As one of the most popular composers ever, John Williams 90th birthday will be celebrated in fine style by the City of Birmingham Symphony Orchestra with a special concert at the stunning Symphony Hall featuring his greatest hits.
From Star Wars and Harry Potter via Jaws and ET, there can’t be anyone who doesn’t recognise the endless back catalogue of a true musical legend. Hailed as a movie score genius and rightly so, Williams has composed more than 20 hours of music for the Star Wars films alone.
He has worked with Stephen Spielberg on all but four of his blockbusters, first teaming up on The Sugarland Express in 1974. Since then his work has brought aliens and dinosaurs, adventurers and magicians to life, notching up five of the top ten Greatest Film Themes of All Time, according to a poll by BBC Music Magazine and RadioTimes. Hailed as a movie score genius and rightly so, Williams has composed more than 20 hours of music for the Star Wars films alone.
The world-renowned CBSO will pay homage to these evocative soundtracks at the Happy Birthday John Williams concert with an awesome 80-piece orchestra on Tuesday August 2, showcasing an outstanding career spanning seven decades.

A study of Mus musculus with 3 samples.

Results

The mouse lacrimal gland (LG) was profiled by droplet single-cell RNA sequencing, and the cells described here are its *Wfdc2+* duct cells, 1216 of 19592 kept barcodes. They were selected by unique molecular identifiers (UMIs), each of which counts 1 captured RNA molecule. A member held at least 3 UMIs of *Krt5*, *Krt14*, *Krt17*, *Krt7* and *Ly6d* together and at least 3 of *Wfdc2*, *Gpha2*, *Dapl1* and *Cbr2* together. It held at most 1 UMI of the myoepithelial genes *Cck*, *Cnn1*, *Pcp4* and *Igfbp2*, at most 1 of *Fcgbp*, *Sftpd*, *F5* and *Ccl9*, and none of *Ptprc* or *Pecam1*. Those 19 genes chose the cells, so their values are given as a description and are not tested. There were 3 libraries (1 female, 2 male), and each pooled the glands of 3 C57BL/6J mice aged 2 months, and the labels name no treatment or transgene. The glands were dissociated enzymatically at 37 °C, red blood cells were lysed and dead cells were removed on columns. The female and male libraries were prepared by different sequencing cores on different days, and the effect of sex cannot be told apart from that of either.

Star Wars Main Theme: Famously played at the start of every theatrically released Star Wars film, as well as video games and mini-series; Williams explained that the piece represented the ideas of heroism and adventure.
Shark Theme from Jaws: Anyone who grew up in the 70s will instantly recognise the alternating pattern of two notes that set the tone for suspense music to come. This 1975 classic earned him his second Academy Award, and first for Original Score.
Close Encounters of the Third Kind Main Theme: The most iconic sequence is known as the Five Tones, a simple musical phrase that is used in the film to converse with aliens. Originally Williams wanted to use a seven-note motif, but it’s believed Spielberg thought that was too long to act as a simple greeting.
Raiders March from Raiders of the Lost Ark: Hear the opening of this rousing piece of music and you’ll instantly think of Harrison Ford battling baddies and escaping a giant boulder as it hurtles towards him. While it received an Oscar nomination for best original score, it was pipped to the post by Vangelis’s electro-synth Chariots of Fire.
Theme from Jurassic Park: This much-loved theme song appeared in Jurassic Park back in 1993 when stars Sam Neill and Laura Dern see the giant Brachiosaurus for the first time. Williams described it at the time as his attempt, “to capture the awesome beauty and sublimity of the dinosaurs in nature.”